Online Banking Fraud to Surge

Banks implement new federal guidelines, but process is slow for some.

Avivah Litan of Gartner Group Avivah Litan of Gartner Group

While banks take a measured approach at best in implementing regulatory guidelines aimed at curbing online corporate account fraud, cyber criminals are speeding ahead with their nefarious efforts.

Online threats have morphed from pesky viruses and Web sites designed to elicit passwords and other private information to “man-in-the-browser” malware that hijacks a company’s browser to carry out transactions and drain funds from bank accounts.

Trusteer, whose software protects browsers and operating systems from such malware, predicts companies will face a surge in threats to their bank accounts in 2012. One type of malware, named Ramnit, has enabled a variety of illicit nonfinancial software to infiltrate and run on host computers, unbeknownst to the computers’ users. Last summer, according to Amit Klein, chief technology officer at Trusteer, Ramnit was retrofitted to conduct financial fraud as well.

“We’re seeing more and more incidents when nonfinancial malware has been tweaked to become financial to maximize profits from a single case of infection,” he says.

Financial malware has become increasingly sophisticated, Klein adds, moving beyond the consumer part of banks’ Web sites to the corporate and treasury management areas. Malware is also being designed to mimic human Web activity, increasing the need for highly sophisticated software to root it out.

The guidance released in June by the Federal Financial Institutions Examination Council (FFIEC), a body composed of the five U.S. banking regulators, lays out three broad steps banks should take to guard against malware attacks. The guidance reaffirms the need for banks to conduct risk assessments at least once a year and establishes minimum requirements for educating customers about online fraud. It also prescribes layered security for business accounts, including the ability to detect and respond to suspicious activity when logging in and initiating transactions.

The FFIEC guidelines direct banks to add security for business bank accounts, including enhanced controls over administrative functions, where privileged users’ passwords, if stolen, can give hackers direct access to a company’s bank accounts. The guidelines also push banks to make clear to business customers that, unlike retail customers, they have no Regulation E protections.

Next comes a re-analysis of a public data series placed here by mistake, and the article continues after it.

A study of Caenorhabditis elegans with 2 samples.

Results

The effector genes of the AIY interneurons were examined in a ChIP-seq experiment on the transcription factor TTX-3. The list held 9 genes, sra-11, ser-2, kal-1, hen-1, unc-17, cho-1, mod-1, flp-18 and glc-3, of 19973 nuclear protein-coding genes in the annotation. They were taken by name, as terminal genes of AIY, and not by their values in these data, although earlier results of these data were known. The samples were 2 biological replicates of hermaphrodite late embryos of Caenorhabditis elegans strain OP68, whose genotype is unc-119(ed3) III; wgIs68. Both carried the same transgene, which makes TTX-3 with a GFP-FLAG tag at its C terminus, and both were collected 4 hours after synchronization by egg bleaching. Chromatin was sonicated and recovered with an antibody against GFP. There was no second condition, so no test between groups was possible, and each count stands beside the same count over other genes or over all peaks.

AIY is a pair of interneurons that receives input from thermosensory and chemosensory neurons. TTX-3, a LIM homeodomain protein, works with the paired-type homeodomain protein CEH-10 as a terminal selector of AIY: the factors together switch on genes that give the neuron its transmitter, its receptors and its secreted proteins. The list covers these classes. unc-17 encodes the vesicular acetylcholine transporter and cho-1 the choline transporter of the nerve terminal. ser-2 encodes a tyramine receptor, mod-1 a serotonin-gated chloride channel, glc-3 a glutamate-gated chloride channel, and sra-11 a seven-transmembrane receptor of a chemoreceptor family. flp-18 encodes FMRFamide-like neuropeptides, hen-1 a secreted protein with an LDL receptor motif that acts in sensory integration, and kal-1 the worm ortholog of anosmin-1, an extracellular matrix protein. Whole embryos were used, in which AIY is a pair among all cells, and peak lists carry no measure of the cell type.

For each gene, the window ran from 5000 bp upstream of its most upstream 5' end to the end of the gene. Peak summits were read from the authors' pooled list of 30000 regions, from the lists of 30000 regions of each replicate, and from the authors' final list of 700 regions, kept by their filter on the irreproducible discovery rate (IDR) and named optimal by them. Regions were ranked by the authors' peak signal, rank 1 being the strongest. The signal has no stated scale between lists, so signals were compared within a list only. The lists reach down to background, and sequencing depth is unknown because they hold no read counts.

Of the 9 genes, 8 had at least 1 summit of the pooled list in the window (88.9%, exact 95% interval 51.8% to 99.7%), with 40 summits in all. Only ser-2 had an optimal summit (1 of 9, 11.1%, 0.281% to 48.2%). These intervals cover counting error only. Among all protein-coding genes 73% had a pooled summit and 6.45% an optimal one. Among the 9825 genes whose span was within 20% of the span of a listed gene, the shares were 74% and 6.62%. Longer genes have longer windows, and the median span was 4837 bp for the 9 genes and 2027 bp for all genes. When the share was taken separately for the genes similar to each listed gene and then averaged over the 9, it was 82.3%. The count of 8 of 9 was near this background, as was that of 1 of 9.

“Banks have to tell business customers they’re not protected,” says Avivah Litan, an analyst at Gartner Group. “If money fraudulently leaves their accounts, there’s no regulation forcing banks to pay it back.”

Litan says the nation’s 10 largest banks are already in compliance with the guidelines. Midsize and regional banks, however, “are confused about how far to go to meet FFIEC compliance requirements, especially with regard to payment batch file processing, which can be expensive to re-engineer,” she says. “They are preparing their risk assessment documentation and will be ready with most of that and a plan for technical system upgrades by January.”

Smaller banks are highly dependent on their online banking processors, such as Fiserv and Jack Henry & Associates. Litan says most of those processors are still upgrading their security strategies. Smaller banks “are also confused about minimum requirements for the FFIEC, especially around payments, since they have little or no resources to deal with payment security,” she says.

Gartner Group’s findings echo the results of a Guardian Analytics survey released in mid-December. Of the 100 large and small U.S. financial institutions surveyed, more than half had formed exploratory committees, contacted their bank examiners, created plans to fill identified gaps in their security strategies or started evaluating new technology solutions.

Forty percent, however, had not formulated plans, and nearly half could not identify the FFIEC’s minimum expectations. That means banks have a lot of work still to do, and a lot of business accounts still lack the minimum protections laid out by regulators.

Terry Austin, CEO of Guardian Analytics, which offers technology to detect potentially fraudulent online banking activity, says it remains unclear how bank examiners will hold financial institutions accountable. “The general interpretation is banks need to have their risk assessments and plans in place by January, and if they have exams in the second half of the year, their implementations should be well underway,” Austin says.

NICE Systems’ NICE Actimize unit and Laru Corp. also offer software that spots anomalous online banking behavioral patterns, as does Trusteer, which says its Pinpoint solution can also detect malware directly on the browser.



For more on the struggle to keep cyber criminals from preying on corporate bank accounts, see Beware Online Banking Thieves.